Feeds

Curiosity's laser turns Mars rocks to 'glowing plasma'

Watch out Martians, those million-watt jolts were just target practice

Security for virtualized datacentres

Humanity has unleashed its most awesome high-energy assault on extra-terrestrial geology to date, after the Curiosity rover zapped a martian rock with its Chemistry and Camera instrument (ChemCam) over the weekend.

The unprovoked attack was the first time any off-Earth object has been subjected to investigation by laser and unleased awesome forces on a rock named “Coronation”.

Mission control has described the experiment as follows:

“ChemCam hit Coronation with 30 pulses of its laser during a 10-second period. Each pulse delivered more than a million watts of power for about five one-billionths of a second. The energy from the laser excited atoms in the rock into an ionized, glowing plasma. ChemCam also caught the light from that spark with a telescope and analyzed it with three spectrometers for information about what elements are in the target.”

The rock zapped by Curiosity's ChemCam

"Coronation", the rock Curiosity zapped with its ChemCam laser

The experiment was not intended to reveal any information on Coronation's composition, with target practice and calibration the aim of the exercise. But NASA and JPL boffins haven't ruled out useful science resulting from the test, writing that “Researchers will check whether the composition changed as the pulses progressed. If it did change, that could indicate dust or other surface material being penetrated to reveal different composition beneath the surface.” ®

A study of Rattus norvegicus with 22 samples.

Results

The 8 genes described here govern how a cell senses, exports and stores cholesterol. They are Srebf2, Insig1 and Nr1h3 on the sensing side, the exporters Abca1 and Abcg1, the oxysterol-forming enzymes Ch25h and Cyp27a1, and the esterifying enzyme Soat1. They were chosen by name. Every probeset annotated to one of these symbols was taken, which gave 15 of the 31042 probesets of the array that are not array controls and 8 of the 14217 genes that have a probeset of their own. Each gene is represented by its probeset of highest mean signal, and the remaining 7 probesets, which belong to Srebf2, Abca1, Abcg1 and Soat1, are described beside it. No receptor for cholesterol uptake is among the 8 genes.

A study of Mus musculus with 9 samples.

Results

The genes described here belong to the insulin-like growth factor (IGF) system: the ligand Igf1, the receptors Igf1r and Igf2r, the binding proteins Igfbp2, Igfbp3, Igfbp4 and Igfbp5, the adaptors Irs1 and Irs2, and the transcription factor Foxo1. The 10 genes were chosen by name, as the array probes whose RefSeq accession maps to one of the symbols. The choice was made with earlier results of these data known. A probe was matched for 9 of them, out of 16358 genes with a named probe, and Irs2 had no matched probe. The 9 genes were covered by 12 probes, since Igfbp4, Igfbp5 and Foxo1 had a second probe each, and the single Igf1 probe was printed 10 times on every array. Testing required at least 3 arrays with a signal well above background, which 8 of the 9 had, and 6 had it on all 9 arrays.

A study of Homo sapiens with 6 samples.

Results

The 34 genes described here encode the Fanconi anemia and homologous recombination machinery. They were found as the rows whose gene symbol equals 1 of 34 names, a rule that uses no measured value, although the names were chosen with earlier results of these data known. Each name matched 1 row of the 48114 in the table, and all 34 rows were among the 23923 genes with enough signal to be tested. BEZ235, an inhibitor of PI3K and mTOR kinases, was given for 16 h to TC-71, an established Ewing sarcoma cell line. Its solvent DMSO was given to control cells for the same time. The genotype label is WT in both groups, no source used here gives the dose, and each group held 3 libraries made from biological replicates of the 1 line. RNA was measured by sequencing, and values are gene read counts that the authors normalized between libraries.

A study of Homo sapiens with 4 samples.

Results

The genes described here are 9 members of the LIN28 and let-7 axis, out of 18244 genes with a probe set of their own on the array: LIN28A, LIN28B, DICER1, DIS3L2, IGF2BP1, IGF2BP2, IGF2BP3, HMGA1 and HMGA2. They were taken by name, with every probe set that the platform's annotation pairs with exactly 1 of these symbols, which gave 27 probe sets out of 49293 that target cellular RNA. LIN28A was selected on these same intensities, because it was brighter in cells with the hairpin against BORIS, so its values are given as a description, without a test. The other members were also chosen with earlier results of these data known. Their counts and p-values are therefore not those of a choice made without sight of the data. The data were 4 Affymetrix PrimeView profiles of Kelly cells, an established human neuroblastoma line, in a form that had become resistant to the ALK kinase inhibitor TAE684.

Image credit NASA/JPL-Caltech/LANL/CNES/IRAP

Security for virtualized datacentres

More from The Register

next story
Boffins say they've got Lithium batteries the wrong way around
Surprises at the nano-scale mean our ideas about how they charge could be all wrong
Thought that last dinosaur was BIG? This one's bloody ENORMOUS
Weighed several adult elephants, contend boffins
Europe prepares to INVADE comet: Rosetta landing site chosen
No word yet on whether backup site is labelled 'K'
City hidden beneath England's Stonehenge had HUMAN ABATTOIR. And a pub
Boozed-up ancients drank beer before tearing corpses apart
'Duck face' selfie in SPAAAACE: Rosetta's snap with bird comet
Probe prepares to make first landing on fast-moving rock
Archaeologists and robots on hunt for more Antikythera pieces
How much of the world's oldest computer can they find?
prev story

Whitepapers

Secure remote control for conventional and virtual desktops
Balancing user privacy and privileged access, in accordance with compliance frameworks and legislation. Evaluating any potential remote control choice.
Saudi Petroleum chooses Tegile storage solution
A storage solution that addresses company growth and performance for business-critical applications of caseware archive and search along with other key operational systems.
High Performance for All
While HPC is not new, it has traditionally been seen as a specialist area – is it now geared up to meet more mainstream requirements?
Security for virtualized datacentres
Legacy security solutions are inefficient due to the architectural differences between physical and virtual environments.
Providing a secure and efficient Helpdesk
A single remote control platform for user support is be key to providing an efficient helpdesk. Retain full control over the way in which screen and keystroke data is transmitted.